I have been dealing with different kinds of content management systems for some years now. What I find fascinating lately it is how applications became powerful and how easy they are to handle by non-experts. **Through these applications, creating social media and networking is possible for everybody. **Wikis and blogs can be set up in minutes through different web services. But also social network software such as Drupal, advanced content management systems such as Joomla, and of course, blog software such as Wordpress, can be easily installed with little effort. For less then 10 bucks and with little web knowledge, powerful applications are around the corner.
- Pick a hosting package which offers these free and open source software and includes one click installation for applications.
- Most of these providers offer you a web based administration interface, where you can choose from many different software. With a few clicks a software is installed.
- The application can be controlled through another web based interface and can be manually configured to different needs. For example, Wordpress can be combined with blog posts and static pages to have a blog and a normal homepage.
- Hundreds of free websites’ templates are offered for all sorts of different taste. In Joomla, it can be easily uploaded on the website itself and you can jump between different designs.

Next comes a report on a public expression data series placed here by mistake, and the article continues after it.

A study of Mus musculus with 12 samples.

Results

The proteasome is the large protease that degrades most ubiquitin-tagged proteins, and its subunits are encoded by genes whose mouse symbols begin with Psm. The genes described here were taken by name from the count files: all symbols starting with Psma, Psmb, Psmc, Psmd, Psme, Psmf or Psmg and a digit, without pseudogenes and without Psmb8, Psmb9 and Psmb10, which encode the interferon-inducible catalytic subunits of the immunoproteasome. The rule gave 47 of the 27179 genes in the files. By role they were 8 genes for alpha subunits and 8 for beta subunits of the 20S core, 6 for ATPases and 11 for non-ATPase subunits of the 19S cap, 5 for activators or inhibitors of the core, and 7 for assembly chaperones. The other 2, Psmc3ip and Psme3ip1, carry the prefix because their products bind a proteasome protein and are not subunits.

- Hundreds of different modules or plug-ins allow you to extend your website in all directions. These modules are mostly for free and only need to be uploaded via ftp and activated in the web based configuration.
Of course these steps are a bit simplified, and to have a successful website running, still expertise is needed. However, with already included multiple language packages, these free and open source applications set the path for great networks to social change everywhere. Rightly done, these websites surely can compete with big portals in terms of their features and social networking features. Some applications offer even other distinct services such as BuzzMonitor and Pligg:
BuzzMonitor is “an open source application that “listens” to what people are saying about the World Bank across blogs and other sites in order to help the organization understand and engage in social media.” It is developed by Development Seed, who are also making a presentation at the web2fordev conference and Pierre Wielezynski from the World Bank. It is a monitoring that includes all kinds of feeds and allows them to be rated by the members. This is excellent for a community or organisation to get a picture of certain topics. It can be tested here: buzzm.worldbank.org/tour
A truly amazing application is Pligg, which is a Digg like software. It is a good approach for bringing people together to share and rate news from the web. It is, for example, used for social development here: ngopost.org. With this tool a community share and discuss what is happening in the info-sphere of the web. I would really like to use that application, however, I imagine it is not easy to involve others to join, when everybody is already involved in so many on-line networks. Does somebody have an idea?
In conclusion, I think the development of free and open source social software is decisive to engage for social change and development through web2.0. It will allow to spread the social media thrive in all areas. It is the openness of this application that let us communicate, sharing and creating social media in new ways.